Selection of the World Cup squads has been universally criticised, which may provide some consolation to David Graveney & Co who have escaped heavy criticism for the exclusion of Stuart Broad and, to a lesser degree, Mal Loye.
Their escape came from the last few results in the tri-nations finals against Australia. But, instead of ignoring the fact that the toss and weather gave England the advantage in Sydney and that Australia's two defeats by New Zealand coincided with the absence of Ricky Ponting, Adam Gilchrist, Michael Clarke, Andrew Symonds and Brett Lee, they listened to Duncan Fletcher again and chose Sajid Mahmood ahead of Broad.
By the end of the coming summer, it will be a major surprise if young Broad is not in the Test side, and it is an astonishing decision to exclude him entirely from the worst winter abroad that England have had in many years, notwithstanding the last two weeks.
The boy oozes talent and it is no argument that he is too young — he has a lovely repetitive action and has inherited a feisty approach from his father, Chris.
Liam Plunkett has earned his World Cup place, as has the slightly less impressive James Anderson, although his back injury is a worry. Mahmood has not earned selection and that particular pigeon will come home to roost under conditions in the Caribbean that could not be more different from those in Australia.
The white ball will swing less; the grounds are tiny in comparison with Melbourne, Perth, Brisbane and Sydney; every game will be played in daylight and the pitch surfaces will generally be slow and low.
Hence, the West Indies dropping slinger Fidel Edwards and other out-and-out pacemen in favour of fast-medium dobbers. England badly need a third reliable paceman behind Andrew Flintoff and Paul Collingwood and the squad does not include one — those selected are "iffers" who might or might not deliver in any spell. That is why the England cricketers can expect to be eliminated at the second stage, the Super Eights.
As for Loye, he might still be called up if Michael Vaughan does not make it yet again.
He might well be suspect against the best bowlers in the world but, as he showed with his 45 at Sydney, he is the only top-three batsman capable of blasting through the 20 overs of power-play and he could well do that against several lesser countries.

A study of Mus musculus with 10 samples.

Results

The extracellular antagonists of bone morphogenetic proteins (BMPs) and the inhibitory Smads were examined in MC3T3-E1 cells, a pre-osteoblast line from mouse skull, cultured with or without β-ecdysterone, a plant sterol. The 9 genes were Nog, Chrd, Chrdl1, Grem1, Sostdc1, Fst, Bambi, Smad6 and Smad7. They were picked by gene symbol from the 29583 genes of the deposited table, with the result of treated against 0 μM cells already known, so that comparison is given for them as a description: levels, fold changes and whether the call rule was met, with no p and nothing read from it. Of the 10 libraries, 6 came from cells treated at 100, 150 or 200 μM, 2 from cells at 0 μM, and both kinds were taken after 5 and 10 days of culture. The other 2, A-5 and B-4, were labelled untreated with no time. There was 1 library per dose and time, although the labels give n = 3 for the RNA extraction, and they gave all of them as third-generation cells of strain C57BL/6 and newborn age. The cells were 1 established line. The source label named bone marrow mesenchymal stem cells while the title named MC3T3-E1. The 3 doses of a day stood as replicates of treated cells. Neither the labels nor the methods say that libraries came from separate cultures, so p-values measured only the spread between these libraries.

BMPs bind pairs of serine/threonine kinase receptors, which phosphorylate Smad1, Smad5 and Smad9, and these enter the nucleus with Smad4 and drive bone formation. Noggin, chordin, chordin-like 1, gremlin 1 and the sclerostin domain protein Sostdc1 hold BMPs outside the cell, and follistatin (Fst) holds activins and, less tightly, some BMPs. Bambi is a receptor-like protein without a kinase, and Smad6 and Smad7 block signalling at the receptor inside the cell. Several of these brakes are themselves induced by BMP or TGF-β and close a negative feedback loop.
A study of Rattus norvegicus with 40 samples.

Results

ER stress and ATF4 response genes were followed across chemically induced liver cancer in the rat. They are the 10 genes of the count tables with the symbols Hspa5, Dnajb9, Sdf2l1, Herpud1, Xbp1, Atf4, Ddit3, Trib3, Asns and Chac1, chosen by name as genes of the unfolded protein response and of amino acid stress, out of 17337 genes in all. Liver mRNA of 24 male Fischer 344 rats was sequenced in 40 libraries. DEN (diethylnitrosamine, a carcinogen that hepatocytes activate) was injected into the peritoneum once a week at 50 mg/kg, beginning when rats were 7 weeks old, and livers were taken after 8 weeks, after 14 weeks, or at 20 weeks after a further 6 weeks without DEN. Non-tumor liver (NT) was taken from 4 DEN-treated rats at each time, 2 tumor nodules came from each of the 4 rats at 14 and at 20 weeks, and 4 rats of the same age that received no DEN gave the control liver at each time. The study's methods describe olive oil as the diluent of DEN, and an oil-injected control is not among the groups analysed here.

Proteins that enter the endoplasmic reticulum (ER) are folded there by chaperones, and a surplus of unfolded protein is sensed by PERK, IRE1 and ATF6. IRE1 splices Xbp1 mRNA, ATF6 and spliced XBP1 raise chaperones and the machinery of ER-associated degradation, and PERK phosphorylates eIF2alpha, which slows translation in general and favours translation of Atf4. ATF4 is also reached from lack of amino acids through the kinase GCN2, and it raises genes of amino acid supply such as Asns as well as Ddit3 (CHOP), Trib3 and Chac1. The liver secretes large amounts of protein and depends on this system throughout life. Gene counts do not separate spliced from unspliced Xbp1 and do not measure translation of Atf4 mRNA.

If Kevin Pietersen is allowed to indulge himself yet again in the batting order and does not come in at No 3, England will have missed one of the few tricks they hold.
Every other country in the top eight seeds play their most destructive card at No 3, starting with Ponting. It seems blindingly obvious to everyone except the England management that your best batsman should be at the crease for the longest possible time in a 50-over match.
Enough of England and their self-inflicted problems; what about the other sides? South Africa are plagued with reverse racial discrimination and have yielded to governmental pressure to select seven non-whites in their 15 to the exclusion on merit of Boetha Dippenaar and Johann van de Wath, as only two examples.
Their cover was blown at a function to announce their squad when Afrikaans Sunday newspaper Rapport, who had run a leak 24 hours previously, sent their cricket writer. He had not only named the 15 but went further, with a first XI omitting four of the obligatory non-whites including Roger Telemachus.
He is no midget and caused quite a rumpus at the function when he towered over the hack and apparently offered him free plastic surgery and dental work!
Mushtaq Mohammad, an adopted Brummie, has criticised Pakistan for selecting three injured fast bowlers. Also, "Mushie" rightly moans about wicketkeeper Kamran Akmal keeping his place after succeeding in keeping Geraint Jones out of bottom place in international cricket during the last two years and that is some achievement.
Australia have copped it from their media for the inclusion of Shane Watson, labelled as "the most over-hyped, under-achieving all-rounder to wear a Baggy Green in many years".
Australia will bounce back, especially as, after a mad month, they have lost their No 1 ranking to South Africa in the cranky world lists.
As to the World cup itself, India, Sri Lanka and Pakistan should provide the winner of what is a shameful money-spinning exercise.
How can it take 51 matches over seven weeks, the first two of which feature 24 mis-matches, to turf out Canada, Bermuda, Zimbabwe, Netherlands, Bangladesh, Ireland, Scotland and Kenya?
The first 24 matches are followed by 27 in 32 days to reduce eight teams to four and only then will there be drama over five days, with two semi-finals and a final.
If football can stage a 32-team World Cup in a month, why does cricket take seven weeks for 16 teams? The answer is money, with which the International Cricket Council has weakly allowed itself to become obsessed by the Asian bloc.
Injuries, burn-out, early retirements and an imbalanced itinerary keep England on the road for two years, but Australia have a break from Test cricket for eight months and from all cricket for five months. That is the price cricket is paying in this modern era.